I love my iPhone, Facebook, and Netflix, and I've never really been a "retro girl," wishing I could transport myself to a simpler time. But ever since I've learned to master the infamous cat eye, I have a greater appreciation for mod, 1960s-inspired style.
The reason: '60s style is not only classic, but it's a trend that can work for any season. Mini skirts are forever chic, and retro shift dresses are ultra-flattering on almost any body type. And of course there's nothing like a beehive to give your hair instant volume. Still think this all sounds a little too outdated? Scroll down to see the ways to mod-ify your style.
You can thank the 1960s for the mini skirt. Before then, hemlines were more demure (knee-length and longer), but the '60s was all about showing some leg -- a notion we can definitely get behind. The key to pulling off a super short skirt is by toning down the rest of your look. Instead of a low cut top, opt for a high-necked blouse, and your heels shouldn't be more than a couple inches high. That way you still look sexy without veering into way-too-skimpy territory.
Also, if you want your mini skirt to have an ultra-'60s vibe, choose a bold color like tangerine. The '60s were not about being super subtle, and so bright shades (especially orange) were very in fashion.
Winged tip eyeliner or the "cat eye" was made famous by 1960s icons like Brigitte Bardot. Decades later it's still going strong and can be seen on stars like Adele and Zooey Deschanel. Celebrity makeup artist Lusine Galadjian tells us how to get a perfect '60s cat eye:
1. First, cover your entire lid with a neutral base color eyeshadow of your choice, using either a brush or your finger.
2. Next, use a liquid liner like, the Lancome Artliner, $29, and start a thin line from the inner corner of your eye all the way across.
3. When you reach the outer corner of your eye, continue the line up and out toward your brow line. The angle can depend on your preference and comfort level.
4. For a dramatic cat eye, retrace your lashline with the liquid liner, making sure to stay very thin at the inner corners and gradually get thicker toward the outer corners, finally ending with a very thin point.
5. Wait a minute for the liner to dry, and then finish by curling your lashes and applying two coats of mascara, like NARS Larger Than Life Mascara, $25.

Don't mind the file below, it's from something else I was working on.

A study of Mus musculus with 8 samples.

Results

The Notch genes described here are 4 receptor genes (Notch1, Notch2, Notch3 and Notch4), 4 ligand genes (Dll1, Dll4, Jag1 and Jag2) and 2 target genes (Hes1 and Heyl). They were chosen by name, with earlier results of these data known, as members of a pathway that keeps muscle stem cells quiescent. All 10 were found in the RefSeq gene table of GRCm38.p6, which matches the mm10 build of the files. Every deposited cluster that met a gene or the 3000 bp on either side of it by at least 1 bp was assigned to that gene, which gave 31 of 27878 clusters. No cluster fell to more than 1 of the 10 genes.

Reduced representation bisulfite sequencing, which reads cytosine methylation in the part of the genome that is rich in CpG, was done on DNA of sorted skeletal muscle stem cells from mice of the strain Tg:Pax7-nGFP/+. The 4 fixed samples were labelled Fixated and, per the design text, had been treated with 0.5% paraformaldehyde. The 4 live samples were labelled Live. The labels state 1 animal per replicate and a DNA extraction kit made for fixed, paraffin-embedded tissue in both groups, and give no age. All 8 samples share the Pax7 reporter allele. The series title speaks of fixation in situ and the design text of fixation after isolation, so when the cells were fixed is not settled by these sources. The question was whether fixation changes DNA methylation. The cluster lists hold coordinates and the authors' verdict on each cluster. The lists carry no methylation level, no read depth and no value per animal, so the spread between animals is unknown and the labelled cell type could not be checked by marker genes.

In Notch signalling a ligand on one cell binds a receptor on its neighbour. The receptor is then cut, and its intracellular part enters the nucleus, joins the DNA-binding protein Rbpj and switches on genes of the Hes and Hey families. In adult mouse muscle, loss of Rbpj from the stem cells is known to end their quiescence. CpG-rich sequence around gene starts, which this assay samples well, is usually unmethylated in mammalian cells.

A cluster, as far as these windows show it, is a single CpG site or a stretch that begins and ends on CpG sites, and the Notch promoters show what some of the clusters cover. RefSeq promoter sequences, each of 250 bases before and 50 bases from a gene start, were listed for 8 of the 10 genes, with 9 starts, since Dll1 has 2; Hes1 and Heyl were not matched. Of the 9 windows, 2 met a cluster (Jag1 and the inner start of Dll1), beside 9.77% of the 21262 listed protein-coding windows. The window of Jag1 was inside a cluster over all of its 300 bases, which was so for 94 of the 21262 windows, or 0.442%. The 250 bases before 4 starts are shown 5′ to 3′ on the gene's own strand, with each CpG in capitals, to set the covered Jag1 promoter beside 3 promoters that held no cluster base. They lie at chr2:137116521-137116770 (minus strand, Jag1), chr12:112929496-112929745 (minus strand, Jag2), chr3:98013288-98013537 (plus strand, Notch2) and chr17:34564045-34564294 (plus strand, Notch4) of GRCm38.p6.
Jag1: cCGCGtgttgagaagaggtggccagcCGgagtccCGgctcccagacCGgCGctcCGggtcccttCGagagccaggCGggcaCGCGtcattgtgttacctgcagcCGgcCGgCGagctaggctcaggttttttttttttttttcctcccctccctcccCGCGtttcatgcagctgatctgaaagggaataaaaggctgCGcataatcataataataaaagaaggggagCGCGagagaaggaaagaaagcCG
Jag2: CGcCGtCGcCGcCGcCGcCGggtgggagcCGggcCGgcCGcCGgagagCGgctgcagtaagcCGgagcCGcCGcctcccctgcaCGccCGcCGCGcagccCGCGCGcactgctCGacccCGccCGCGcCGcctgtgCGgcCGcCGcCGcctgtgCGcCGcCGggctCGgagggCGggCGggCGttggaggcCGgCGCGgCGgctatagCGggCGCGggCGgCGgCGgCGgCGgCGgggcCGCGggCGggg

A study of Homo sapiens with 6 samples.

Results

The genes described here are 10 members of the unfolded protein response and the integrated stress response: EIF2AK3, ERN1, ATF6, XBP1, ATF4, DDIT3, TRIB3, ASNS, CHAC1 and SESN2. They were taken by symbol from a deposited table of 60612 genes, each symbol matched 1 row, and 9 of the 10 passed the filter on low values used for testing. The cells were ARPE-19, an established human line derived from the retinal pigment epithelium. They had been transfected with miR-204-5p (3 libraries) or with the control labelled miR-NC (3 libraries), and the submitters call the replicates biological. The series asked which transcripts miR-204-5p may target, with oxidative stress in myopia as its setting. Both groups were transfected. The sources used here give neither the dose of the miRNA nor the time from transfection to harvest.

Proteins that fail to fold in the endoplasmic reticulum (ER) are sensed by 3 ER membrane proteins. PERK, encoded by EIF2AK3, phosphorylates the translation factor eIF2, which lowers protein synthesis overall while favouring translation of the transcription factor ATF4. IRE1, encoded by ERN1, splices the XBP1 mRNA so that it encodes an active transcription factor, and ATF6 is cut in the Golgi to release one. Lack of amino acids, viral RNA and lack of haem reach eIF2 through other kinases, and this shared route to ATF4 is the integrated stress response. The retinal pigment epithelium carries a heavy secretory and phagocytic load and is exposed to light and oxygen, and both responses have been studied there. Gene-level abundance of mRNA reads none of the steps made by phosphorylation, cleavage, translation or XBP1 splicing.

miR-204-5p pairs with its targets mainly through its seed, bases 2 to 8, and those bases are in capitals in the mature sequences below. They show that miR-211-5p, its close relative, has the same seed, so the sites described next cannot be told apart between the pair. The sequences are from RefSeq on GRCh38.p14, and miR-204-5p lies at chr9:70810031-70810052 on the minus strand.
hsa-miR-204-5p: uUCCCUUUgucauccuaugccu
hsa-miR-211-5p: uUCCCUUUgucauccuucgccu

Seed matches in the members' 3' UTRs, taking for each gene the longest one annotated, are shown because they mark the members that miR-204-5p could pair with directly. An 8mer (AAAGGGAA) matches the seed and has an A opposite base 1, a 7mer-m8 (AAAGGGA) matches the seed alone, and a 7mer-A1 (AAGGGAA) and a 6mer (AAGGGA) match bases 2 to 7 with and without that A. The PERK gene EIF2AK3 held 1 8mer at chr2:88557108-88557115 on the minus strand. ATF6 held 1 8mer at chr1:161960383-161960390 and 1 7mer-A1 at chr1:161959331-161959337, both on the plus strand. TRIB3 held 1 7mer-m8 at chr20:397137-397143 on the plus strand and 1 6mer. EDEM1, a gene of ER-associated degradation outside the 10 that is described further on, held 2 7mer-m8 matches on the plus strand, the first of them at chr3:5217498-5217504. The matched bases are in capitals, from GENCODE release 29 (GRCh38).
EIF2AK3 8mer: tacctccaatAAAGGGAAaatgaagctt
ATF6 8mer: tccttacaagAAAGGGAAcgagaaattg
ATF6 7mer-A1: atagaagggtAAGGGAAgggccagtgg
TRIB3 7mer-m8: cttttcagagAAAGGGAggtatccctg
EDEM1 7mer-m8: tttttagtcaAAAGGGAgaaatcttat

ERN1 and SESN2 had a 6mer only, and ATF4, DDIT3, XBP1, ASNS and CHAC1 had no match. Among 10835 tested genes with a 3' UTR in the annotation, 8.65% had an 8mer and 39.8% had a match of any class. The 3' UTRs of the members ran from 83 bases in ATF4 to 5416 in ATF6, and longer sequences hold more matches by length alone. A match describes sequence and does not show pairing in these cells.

Like the mini skirt, the mini dress was also popular during the '60s. So what exactly makes a dress babydoll style? Typically it has a super short hemline, a high neckline, and an empire waist. A babydoll dress is ultra-girly, so pair it with a few sophisticated elements like a red lip or nude flats to toughen it up a bit.
To really channel the decade, choose a babydoll dress in a pastel, like light pink or a mint green, to get that retro feel. (Pastels were huge during the '60s.) Just make sure the rest of your accessories are in neutral shades. No one wants to look like an Easter egg.
Bulky, down jackets were not in during the '60s; instead outwear was all about feminine silhouettes and pretty wool coats. Look for a fit-and-flare style coat -- this means it should be more tailored up top and then float away from the body from the waist down.
For a true '60s vibe, go for a coat with a rounded peter pan collar (another major fashion trademark of the decade). And instead of black or gray, choose a cheerful color like sky blue, bright yellow, or rosy pink. After all, a bold winter coat is a great way to stand out in a sea of black jackets.
While nail art wasn't big in the 1960s, you can still give your manicure a retro vibe with multi-colored geometric nails. The checkered pattern was huge in the '60s and is fairly easy to recreate on your nails. Nail expert and Illamasqua Amassador Fleury Rose tells us how to get the look.
1. After applying a base coat, paint nails with two coats of Illamasqua Nail Varnish in Collide, $14.
2. Once dry, dip a nail art striper brush (or a very thin paintbrush) in Illamasqua Nail Varnish in Velocity, $14, and draw a thin vertical line down the center of each nail.
3. Next, draw a thin horizontal line across the center of each nail. You should now have what looks like a cross on each pink nail.
4. Using a thicker nail art brush (or a thicker paintbrush if you don't have any nail art tools), very carefully fill in the top left and bottom right square in Velocity. Take your time and stay in the lines.
5. Allow the design to dry about five minutes (be patient!), then finish with a top coat.
Love these retro looks? Click here to see more mod styles
Now tell us: Which 60's-inspired trend would you try?